One of the best things I’ve done for my writing so far was getting a simple tablet and a full, wireless keyboard. Both are lightweight, both fit in almost all of my everyday bags, and they’ve carried me through several novels already, since I got them last Spring.
Oh, and I am aware how privileged I am to even be able to ditch the pen and paper method of keeping score. I count it under small everyday blessings (and the fact that I was lucky enough to get an alright full time job relatively early on in life).
#1 I can’t read my handwriting anymore. Oh joy. Sure, I could read it if I wrote slower and with more care, but it’s almost like asking someone to think slower. No can do.
#2 I still have to type it all up before I use any of it. Sometimes it’s useful in the basic brainstorming way, but most of the time, I write too much down, and then I have to go through all of it, and typing stuff up takes time. I should know—I had to type up most of my beginner writing endeavours up in the early 2000s. (Funnily enough, most of them at my childhood library’s first public computer—the exact same library I ended up working in, decades later.)
#3 I still get carried away when I use a notebook while plotting, and then I create unusable—and too numerous—plotlines. Which is to say, my brain still likes notebooks. It’s me who doesn’t.
#4 I forget where the notebooks are. So sue me. (I even used a notebook to start plotting Johnny’s Girls sequel, a few weeks ago, but I lost track of it after I’ve typed up the most important points from the offline copy.)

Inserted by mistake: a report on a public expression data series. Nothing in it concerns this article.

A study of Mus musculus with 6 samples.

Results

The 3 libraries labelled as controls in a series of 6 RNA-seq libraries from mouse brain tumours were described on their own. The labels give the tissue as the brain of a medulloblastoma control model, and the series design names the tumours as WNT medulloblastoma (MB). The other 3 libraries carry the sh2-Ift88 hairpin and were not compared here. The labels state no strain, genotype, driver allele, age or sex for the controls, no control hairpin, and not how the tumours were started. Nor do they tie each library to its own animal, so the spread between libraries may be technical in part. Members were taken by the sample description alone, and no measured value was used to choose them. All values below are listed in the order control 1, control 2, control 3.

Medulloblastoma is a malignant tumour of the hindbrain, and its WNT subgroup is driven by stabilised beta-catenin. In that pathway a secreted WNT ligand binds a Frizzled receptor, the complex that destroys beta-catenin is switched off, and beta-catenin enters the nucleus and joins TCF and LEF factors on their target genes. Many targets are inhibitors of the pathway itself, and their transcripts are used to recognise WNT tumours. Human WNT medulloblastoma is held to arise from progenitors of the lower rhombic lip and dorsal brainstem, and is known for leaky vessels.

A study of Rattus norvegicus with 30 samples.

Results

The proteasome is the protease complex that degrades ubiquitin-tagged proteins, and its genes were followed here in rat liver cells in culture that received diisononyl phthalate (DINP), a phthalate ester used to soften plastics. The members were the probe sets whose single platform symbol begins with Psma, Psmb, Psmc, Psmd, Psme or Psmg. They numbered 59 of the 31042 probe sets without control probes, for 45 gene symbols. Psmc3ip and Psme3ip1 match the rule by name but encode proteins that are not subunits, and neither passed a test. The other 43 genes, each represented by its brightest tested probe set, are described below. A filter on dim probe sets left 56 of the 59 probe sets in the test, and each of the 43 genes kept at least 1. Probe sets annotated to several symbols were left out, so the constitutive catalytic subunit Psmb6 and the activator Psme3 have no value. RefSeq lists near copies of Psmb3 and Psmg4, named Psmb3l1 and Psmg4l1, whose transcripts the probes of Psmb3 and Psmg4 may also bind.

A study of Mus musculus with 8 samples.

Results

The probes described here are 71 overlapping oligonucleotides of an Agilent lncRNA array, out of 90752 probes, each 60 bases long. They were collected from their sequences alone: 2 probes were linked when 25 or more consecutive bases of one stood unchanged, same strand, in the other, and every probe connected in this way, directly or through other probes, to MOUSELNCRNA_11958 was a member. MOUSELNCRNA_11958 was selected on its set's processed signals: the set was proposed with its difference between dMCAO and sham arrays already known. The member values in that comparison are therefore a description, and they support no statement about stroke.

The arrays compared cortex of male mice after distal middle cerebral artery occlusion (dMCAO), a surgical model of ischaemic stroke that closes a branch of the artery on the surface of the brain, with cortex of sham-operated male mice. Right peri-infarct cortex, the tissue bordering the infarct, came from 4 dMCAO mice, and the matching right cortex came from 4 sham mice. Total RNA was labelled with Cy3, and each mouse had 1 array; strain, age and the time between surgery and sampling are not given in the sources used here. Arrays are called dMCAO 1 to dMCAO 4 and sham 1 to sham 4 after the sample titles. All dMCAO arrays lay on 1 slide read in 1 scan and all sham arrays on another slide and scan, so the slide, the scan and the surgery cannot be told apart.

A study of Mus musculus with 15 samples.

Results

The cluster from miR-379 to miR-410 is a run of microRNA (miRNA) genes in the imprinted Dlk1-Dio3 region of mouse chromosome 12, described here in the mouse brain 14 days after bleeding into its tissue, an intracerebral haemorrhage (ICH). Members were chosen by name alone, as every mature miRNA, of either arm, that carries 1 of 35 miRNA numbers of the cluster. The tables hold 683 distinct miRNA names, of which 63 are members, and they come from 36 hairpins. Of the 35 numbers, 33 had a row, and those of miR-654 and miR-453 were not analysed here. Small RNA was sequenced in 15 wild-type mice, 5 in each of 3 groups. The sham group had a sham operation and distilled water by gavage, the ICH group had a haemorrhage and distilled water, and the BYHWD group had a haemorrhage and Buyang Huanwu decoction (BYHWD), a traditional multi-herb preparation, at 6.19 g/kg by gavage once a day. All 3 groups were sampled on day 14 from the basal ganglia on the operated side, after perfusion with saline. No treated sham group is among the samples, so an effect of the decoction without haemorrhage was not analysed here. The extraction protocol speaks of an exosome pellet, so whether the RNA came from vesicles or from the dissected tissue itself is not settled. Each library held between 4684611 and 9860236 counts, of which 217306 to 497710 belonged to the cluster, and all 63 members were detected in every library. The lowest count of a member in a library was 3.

#5 Notebooks are heavy. And if they’re not, they’re too thin to matter (or be useful, at all), to me. Praise tablets—not the clay type.
Even so, there are a few points in favour of notebooks left in me, still…
#1 Writing in a notebook means less hours staring at a screen of any kind, which is absolutely something I should strive for, as a person who has been reading almost exclusively in ‘the digital’ ever since 2013 or so. Sometimes I do just need to look at something, anything else. (Especially when my roommates are being curiously calm at a certain time.)
#2 Jotting down ideas in a notebook is still a bit faster than waiting for all of the docs to load. Should I have gotten an app for it? Probably. But I swear by (Google) docs, as a person who has lost writing due to tech issues before, and as a person who prefers simple editors to kitchy, sparkly ones with way too many options. Picking up a pen and a piece of (bound together) paper is always going to be faster.
#3 There’s something thrilling in going back to my roots, and I still adore writing by hand. Yup, even with the illegible handwriting and all. I still keep an irregular diary, and I love the flow of the pen across the paper, especially the heavy, off-white kind. As a longterm word addict, I used to own a ‘special’ pen when I was younger, of course, and I still have all my school side notebooks. (You know, the ones which kept me awake during lectures. The ones which have short stories written in the back. And the ones which have innumerable spreadsheets in them, ranking my favourite ships, from Ammar and Jehane to Anakin and Padme, based on scoring through several, quite elaborate factors.)
Still, there are no words to express how grateful I am to be able to create fiction (and, you know, non-fiction) by simply putting my fingers to the keyboard(s) and typeing away. And my back’s grateful, too. (So are my notebook shelves!)